How to Pitch Your Start-up to Investors

Edmonton-founded Jobber recently closed a US$100-million funding round. Here's how they did it.
(Illustration: Andy Rementer)

In 2010, Sam Pillar and Forrest Zeisler met at an Edmonton coffee shop. They got talking and learned they were both computer scientists with an interest in helping small businesses.

Zeisler had a friend at a local painting company that needed help organizing paperwork. Seeing the market potential, Pillar and Zeisler founded Jobber, a software platform that helps small home-services businesses—plumbers, electricians, landscapers—manage and automate administrative tasks.

They bootstrapped the company with small investments from family and took on some credit card debt. Pillar entered a pitch competition through Alberta tech conference AccelerateAB and presented how Jobber worked and what problem it solved to potential investors.


By 2013, the company had hit its stride, serving nearly 1,300 clients in 24 countries. In the early days, Pillar would meet with every investor that would talk to him. But as the company grew, he was more selective with meetings. He researched whether firms had invested in similar companies to gauge if they were serious about start-up funding. “As a CEO of an early-stage start-up, you want to spend as little time on fundraising as possible, because you should be spending your time growing the company,” he says.

The strategy paid off. They raised $12 million in 2018 and $80 million in 2021 during Jobber’s B and C rounds. By 2022, most investment firms knew what the company had to offer. Pillar was considering another round of fundraising to pump money into marketing and R&D.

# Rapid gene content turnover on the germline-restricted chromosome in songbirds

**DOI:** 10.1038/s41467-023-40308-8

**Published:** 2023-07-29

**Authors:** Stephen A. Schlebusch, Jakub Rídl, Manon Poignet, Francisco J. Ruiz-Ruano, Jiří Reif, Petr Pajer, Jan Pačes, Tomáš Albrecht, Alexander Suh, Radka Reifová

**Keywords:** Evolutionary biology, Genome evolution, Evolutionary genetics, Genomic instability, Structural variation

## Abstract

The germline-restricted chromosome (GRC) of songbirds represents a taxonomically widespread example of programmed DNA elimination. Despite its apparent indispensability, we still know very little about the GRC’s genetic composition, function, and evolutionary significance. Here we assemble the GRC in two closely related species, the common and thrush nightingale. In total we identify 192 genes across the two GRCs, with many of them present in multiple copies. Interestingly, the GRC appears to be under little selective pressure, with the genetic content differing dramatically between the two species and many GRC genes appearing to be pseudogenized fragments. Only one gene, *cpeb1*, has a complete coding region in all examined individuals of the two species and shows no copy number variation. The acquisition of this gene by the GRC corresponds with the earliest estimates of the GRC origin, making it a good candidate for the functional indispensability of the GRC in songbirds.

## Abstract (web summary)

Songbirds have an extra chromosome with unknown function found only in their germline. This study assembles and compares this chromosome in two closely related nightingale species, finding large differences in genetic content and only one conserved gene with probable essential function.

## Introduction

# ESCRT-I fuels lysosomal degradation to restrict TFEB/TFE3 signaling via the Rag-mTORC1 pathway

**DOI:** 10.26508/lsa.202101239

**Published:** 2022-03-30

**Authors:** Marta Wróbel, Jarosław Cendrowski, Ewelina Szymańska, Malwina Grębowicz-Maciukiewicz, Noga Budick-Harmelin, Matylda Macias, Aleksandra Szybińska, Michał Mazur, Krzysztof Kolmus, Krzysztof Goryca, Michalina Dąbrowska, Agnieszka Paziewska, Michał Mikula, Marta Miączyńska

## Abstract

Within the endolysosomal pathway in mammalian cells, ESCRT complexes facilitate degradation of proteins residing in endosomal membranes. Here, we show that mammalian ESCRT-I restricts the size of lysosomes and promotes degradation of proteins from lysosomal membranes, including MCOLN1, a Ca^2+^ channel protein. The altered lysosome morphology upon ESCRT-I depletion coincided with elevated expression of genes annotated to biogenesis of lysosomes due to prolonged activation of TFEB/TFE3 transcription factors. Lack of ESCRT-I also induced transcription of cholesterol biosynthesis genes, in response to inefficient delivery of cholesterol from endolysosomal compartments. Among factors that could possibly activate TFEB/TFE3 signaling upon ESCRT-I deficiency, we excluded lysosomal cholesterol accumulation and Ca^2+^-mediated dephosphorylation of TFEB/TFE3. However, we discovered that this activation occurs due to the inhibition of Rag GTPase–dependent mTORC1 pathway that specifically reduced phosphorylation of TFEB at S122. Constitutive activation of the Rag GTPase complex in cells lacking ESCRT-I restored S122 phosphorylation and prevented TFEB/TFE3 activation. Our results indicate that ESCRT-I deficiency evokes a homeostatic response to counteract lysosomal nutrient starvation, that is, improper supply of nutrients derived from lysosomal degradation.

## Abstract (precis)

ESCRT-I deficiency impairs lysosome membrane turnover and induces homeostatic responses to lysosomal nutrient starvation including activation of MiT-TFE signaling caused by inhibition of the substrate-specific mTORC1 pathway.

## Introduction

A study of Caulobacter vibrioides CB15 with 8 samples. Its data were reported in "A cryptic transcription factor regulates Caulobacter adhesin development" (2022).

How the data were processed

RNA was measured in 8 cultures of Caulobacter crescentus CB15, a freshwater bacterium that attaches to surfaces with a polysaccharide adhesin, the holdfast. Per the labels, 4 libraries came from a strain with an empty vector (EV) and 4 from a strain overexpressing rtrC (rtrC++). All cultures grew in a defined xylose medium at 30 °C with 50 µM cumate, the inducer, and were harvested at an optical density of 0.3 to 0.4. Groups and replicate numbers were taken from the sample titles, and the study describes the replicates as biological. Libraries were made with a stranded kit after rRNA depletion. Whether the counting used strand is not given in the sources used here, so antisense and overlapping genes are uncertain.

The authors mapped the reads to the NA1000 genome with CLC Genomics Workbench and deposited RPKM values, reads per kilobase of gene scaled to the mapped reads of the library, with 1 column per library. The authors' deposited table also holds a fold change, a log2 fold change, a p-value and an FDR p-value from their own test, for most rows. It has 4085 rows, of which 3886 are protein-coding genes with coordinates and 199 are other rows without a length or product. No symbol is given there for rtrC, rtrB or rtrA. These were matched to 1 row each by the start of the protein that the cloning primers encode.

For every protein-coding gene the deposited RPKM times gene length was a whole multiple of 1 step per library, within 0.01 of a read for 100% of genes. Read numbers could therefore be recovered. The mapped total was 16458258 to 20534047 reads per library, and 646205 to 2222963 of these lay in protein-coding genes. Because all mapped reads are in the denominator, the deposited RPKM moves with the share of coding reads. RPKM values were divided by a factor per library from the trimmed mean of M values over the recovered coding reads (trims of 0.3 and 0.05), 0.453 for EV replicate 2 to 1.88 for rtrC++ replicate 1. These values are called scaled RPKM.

“As a CEO of an early-stage start-up, you want to spend as little time on fundraising as possible, because you should be spending your time growing the company”

In November, he had a list of about 10 serious potential investors. He zeroed in on General Atlantic, a New York-based private-equity firm with more than US$72 billion in assets. He explained how Jobber had tripled its revenue since 2021 and relayed how much he wanted to raise and how he intended to spend it.

In December, executives from Jobber and General Atlantic met in Toronto for a full-day meeting to discuss the investment. Then they went out to a steakhouse to get to know each other on a personal level. They finalized a deal in early 2023. General Atlantic invested US$100 million with backing from Summit Partners, Version One Ventures and Tech Pioneers Fund.


This article appears in print in the Spring 2023 issue of Canadian Business magazine. Buy the issue for $7.99 or better yet, subscribe to the quarterly print magazine for just $40 a year.

Mathew Silver
Mathew Silver
Mathew Silver is a Toronto-based freelancer. He writes about a little bit of everything—business, sports, arts and culture, whatever piques his interest.